If you reside in Latvia, then you know all too well that our health care system is in its death throes. Everyone understands the gravity of the situation: not just the patients or the doctors themselves, but the politicians as well. How did our health care system end up like this? And most importantly, when did things begin to go horribly wrong?
Let us wind the clock back to the year 1991. Latvia was hastily transformed into a capitalist state, and the end goal of any capitalist society is making profit. The means and ways of achieving this goal can be anything. If treating people is profitable, we’ll treat them. If it is profitable to harm them, we’ll harm them instead.
The health care system cannot avoid the influence of this all-encompassing race for profit. Closures of hospitals and clinics, various “optimizations” which is a politician’s word for mass layoffs and tremendous workload increase for the remaining workers. They toil for a laughably low salary which doesn’t match the tremendous physical and psychological stress that they have to endure. Yet they continue to serve the people, despite all these difficulties.
Latvia is a bourgeois state. As a collective capitalist, its primary objective will always be the same: extracting as much profit as possible by ruthlessly exploiting the workers of any industry (including the health care industry).
But hospitals by themselves do not constitute health care. It is a complex system that also includes the preparation of new cadres on all levels. This means that a government-funded program is needed that would provide ample employment for young graduates and guarantee a fair salary. Does Latvia have such a program in place? Do health care professionals feel that this country needs them? These are just rhetorical questions.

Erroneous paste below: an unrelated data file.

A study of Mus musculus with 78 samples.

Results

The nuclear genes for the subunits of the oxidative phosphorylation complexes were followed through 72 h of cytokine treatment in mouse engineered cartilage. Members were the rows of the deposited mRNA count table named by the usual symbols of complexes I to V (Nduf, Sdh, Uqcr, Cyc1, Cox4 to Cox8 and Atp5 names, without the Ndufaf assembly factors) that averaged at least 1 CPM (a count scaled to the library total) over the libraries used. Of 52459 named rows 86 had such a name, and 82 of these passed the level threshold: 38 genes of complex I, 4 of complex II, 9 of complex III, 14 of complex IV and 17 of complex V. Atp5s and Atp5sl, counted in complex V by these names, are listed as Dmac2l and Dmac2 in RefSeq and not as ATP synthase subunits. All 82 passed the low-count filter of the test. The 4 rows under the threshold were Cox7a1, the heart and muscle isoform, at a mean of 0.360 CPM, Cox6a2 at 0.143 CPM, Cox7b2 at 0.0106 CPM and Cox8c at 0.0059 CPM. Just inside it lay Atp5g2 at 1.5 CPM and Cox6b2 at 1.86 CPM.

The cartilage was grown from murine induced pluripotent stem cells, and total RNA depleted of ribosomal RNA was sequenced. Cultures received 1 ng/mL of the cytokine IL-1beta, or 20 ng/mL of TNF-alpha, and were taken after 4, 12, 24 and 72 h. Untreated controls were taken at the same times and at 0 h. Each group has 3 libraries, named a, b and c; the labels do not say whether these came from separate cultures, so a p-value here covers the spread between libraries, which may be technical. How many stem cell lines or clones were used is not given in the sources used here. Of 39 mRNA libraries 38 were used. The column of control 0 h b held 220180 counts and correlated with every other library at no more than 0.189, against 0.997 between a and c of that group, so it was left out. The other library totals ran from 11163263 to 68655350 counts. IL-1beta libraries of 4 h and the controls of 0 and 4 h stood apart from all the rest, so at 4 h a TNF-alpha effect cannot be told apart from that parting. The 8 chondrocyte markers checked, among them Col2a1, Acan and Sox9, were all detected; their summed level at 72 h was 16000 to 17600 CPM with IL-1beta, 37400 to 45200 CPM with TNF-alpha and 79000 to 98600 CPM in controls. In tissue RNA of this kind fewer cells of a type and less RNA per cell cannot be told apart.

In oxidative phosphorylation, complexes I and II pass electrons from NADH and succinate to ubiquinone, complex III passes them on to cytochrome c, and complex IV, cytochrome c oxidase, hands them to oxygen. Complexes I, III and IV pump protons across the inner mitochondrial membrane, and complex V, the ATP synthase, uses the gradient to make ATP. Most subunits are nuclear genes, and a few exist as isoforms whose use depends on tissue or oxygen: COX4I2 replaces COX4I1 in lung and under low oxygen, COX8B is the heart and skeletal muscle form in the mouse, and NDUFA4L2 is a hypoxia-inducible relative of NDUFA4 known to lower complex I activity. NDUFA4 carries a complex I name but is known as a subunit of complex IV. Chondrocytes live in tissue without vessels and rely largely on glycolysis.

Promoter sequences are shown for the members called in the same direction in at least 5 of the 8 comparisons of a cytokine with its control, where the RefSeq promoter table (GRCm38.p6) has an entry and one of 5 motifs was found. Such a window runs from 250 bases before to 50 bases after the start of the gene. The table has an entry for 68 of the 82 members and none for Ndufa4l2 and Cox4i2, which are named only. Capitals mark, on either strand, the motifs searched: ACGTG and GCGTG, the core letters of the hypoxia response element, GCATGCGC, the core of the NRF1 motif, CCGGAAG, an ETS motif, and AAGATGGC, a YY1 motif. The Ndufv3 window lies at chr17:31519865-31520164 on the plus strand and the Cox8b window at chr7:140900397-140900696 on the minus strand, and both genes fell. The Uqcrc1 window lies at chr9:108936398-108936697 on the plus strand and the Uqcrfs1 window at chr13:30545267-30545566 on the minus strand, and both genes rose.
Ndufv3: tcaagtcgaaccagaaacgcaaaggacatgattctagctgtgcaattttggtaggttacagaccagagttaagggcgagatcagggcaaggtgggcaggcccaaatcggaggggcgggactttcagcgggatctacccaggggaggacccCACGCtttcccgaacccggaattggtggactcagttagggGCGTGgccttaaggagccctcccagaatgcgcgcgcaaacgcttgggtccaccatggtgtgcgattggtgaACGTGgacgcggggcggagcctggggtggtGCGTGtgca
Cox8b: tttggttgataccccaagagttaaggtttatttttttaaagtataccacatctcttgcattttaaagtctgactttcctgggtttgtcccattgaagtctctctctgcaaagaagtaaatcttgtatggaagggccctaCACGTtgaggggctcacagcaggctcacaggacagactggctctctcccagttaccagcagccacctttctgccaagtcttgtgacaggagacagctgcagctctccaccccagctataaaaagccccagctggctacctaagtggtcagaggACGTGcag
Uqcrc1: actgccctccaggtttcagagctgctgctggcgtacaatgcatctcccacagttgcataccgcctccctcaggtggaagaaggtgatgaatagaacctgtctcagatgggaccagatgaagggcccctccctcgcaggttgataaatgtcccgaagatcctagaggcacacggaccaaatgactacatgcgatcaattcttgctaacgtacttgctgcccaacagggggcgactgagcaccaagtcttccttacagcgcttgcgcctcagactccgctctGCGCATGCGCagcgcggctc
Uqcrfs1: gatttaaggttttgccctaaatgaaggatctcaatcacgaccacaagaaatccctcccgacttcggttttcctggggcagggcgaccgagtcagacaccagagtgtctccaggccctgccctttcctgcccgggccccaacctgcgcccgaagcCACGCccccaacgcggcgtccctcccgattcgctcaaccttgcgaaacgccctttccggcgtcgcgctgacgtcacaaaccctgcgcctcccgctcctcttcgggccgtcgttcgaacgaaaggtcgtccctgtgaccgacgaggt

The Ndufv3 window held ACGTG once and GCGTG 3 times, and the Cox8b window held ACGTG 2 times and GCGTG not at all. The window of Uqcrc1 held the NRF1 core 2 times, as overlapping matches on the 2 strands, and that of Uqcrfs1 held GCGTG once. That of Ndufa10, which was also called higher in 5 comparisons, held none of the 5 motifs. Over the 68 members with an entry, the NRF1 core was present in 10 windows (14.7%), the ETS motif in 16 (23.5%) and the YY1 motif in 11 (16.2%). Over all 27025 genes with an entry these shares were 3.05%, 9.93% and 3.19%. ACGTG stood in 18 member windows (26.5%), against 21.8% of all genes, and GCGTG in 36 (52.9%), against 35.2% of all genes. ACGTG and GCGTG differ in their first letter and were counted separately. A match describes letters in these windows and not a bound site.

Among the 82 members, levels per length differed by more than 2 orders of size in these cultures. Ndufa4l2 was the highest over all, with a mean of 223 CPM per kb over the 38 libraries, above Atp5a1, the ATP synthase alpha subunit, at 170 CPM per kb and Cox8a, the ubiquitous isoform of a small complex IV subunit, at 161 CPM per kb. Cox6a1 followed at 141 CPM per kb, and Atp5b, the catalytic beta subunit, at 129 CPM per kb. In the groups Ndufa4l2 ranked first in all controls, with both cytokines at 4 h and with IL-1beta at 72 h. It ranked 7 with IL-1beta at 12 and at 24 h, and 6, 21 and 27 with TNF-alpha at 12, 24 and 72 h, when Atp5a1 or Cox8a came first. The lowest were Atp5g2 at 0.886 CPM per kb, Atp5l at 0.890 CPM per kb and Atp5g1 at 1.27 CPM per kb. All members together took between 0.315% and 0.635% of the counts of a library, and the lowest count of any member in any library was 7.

Ordinary people, too, suffer at the hands of this system but in a different way. They enjoy all the “benefits” brought to them by capitalism: ridiculously expensive care, increasing wait times (which in some cases can reach 8 months, even for emergency treatments), closures of “unprofitable” facilities etc. The situation just keeps getting worse, and it seems that there is no light at the end of the tunnel. The bourgeois government makes no attempt to salvage the situation and save the Latvian health care system from complete collapse.
“Only death can cure the sick!”
is perhaps our health care system’s motto.
Meanwhile, the ruling class and their lap dogs in the parliament and in the government can afford premium health care, at any time, in any place at our expense. If we do not acknowledge the nature of these events, if all workers do not unite to achieve their objective goals, we will simply remain as the source of income for the capital and its cronies.